The last few weeks have been very challenging in Primary. We get a lot of opposition and it has been one of the most challenging callings I have ever had and one of the most rewarding too.
This story from President Monson keeps me going:
"President Harold B. Lee was fond of the inspired statement, “When you are on the Lord’s errand, you are entitled to the Lord’s help.” Remember that, parents. Remember it, Primary officers and teachers.
Everything wasn’t bliss in our ward Primary, for boys will be boys. The laughter of the boys and the chatter of the girls at times must have been most disconcerting to our Primary leaders.
One day as we left the chapel for our classrooms, I noted that our Primary president remained behind. I paused and observed her. She sat all alone on the front row of the benches, took out her handkerchief, and began to weep. I walked up to her and said, “Sister Georgell, don’t cry.”
She said, “I’m sad.”
I responded, “What’s the matter?”
She said, “I can’t control the Trail Builders. Will you help me?”
Of course I answered, “Yes.”
She said, “Oh, that would be wonderful, Tommy, if you would.”
What I didn’t know then is that I was the source of her tears. She had effectively enlisted me to aid in achieving reverence in our Primary. And we did.
The years flew by. When Melissa Georgell was in her nineties, she lived in a nursing facility in the northwest part of Salt Lake City. One year just before Christmas, I determined to visit my beloved Primary president. Over the car radio I heard the music of familiar Christmas carols: “Hark! the Herald Angels Sing,” “O Little Town of Bethlehem,” and many others. I reflected on the visit made by wise men those long years ago and the visit made by us boys when we portrayed the wise men in the pageant. The wise men brought precious gifts to the Christ child. I brought to Melissa only the gift of love and a desire to say “Thank you.”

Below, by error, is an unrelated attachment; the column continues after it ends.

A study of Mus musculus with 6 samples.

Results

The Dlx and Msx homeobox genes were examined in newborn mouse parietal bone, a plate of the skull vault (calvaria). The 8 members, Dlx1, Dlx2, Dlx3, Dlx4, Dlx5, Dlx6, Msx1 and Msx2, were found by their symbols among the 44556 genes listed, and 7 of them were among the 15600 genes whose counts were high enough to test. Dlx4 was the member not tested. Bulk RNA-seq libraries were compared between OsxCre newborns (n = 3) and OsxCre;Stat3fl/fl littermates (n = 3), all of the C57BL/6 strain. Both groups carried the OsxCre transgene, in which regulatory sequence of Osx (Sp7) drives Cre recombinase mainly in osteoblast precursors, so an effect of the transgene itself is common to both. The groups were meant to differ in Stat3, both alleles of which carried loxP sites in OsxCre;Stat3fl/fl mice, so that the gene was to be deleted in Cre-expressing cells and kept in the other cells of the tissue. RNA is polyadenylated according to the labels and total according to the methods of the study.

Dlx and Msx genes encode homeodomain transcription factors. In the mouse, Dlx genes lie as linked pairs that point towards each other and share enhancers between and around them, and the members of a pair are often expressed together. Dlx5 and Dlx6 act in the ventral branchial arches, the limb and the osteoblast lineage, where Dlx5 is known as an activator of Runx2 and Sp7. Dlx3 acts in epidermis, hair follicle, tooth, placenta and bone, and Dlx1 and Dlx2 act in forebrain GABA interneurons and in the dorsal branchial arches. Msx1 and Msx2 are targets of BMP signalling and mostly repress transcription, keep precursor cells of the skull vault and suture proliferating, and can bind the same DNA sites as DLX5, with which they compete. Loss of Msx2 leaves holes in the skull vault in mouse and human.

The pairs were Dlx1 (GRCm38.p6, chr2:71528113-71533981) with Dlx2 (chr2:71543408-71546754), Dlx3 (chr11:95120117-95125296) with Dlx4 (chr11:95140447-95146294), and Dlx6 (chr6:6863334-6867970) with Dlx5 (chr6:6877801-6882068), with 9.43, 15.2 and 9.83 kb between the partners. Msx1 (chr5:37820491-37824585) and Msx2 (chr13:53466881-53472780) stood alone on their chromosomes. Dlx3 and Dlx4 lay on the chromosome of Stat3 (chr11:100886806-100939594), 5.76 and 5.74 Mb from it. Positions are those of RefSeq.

I found her in the lunch room. She was staring at her plate of food, teasing it with the fork she held in her aged hand. Not a bite did she eat. As I spoke to her, my words were met by a benign but blank stare. I gently took her fork from her and began to feed her, talking all the time I did so about her service to boys and girls as a Primary worker and the joy which was mine to have later served as her bishop. You know, there wasn’t even a glimmer of recognition, far less a spoken word. Two other residents of the nursing home gazed at me with puzzled expressions. At last they spoke, saying, “She doesn’t know anyone—even her own family. She hasn’t said a word for a long, long time.”
Luncheon ended. My one-sided conversation wound down. I stood to leave. I held her frail hand in mine and gazed into her wrinkled but beautiful countenance and said, “God bless you, Melissa, and merry Christmas.”
Without warning, she spoke the words, “I know you. You’re Tommy Monson, my Primary boy. How I love you.”
She pressed my hand to her lips and bestowed on it the kiss of love. Tears coursed down her cheeks and bathed our clasped hands. Those hands, that day, were hallowed by heaven and graced by God. The herald angels did sing, for I heard them in my heart.
The words of the Master seemed to have a personal meaning never before fully felt: “Woman, behold thy son!” And to his disciple, “Behold thy mother!” 13The words of the poet came to my heart and provided my Christmas gift. James Barrie wrote, “God gave us memories, that we might have June roses in the December of our lives.” 14 Memories of Primary days are such beautiful roses. Such a priceless gift will come to each of us as we serve His precious children."
To all of you out there who serve in Primary: I am amazed at the sacrifices, the love and the patience you give so willingly!!!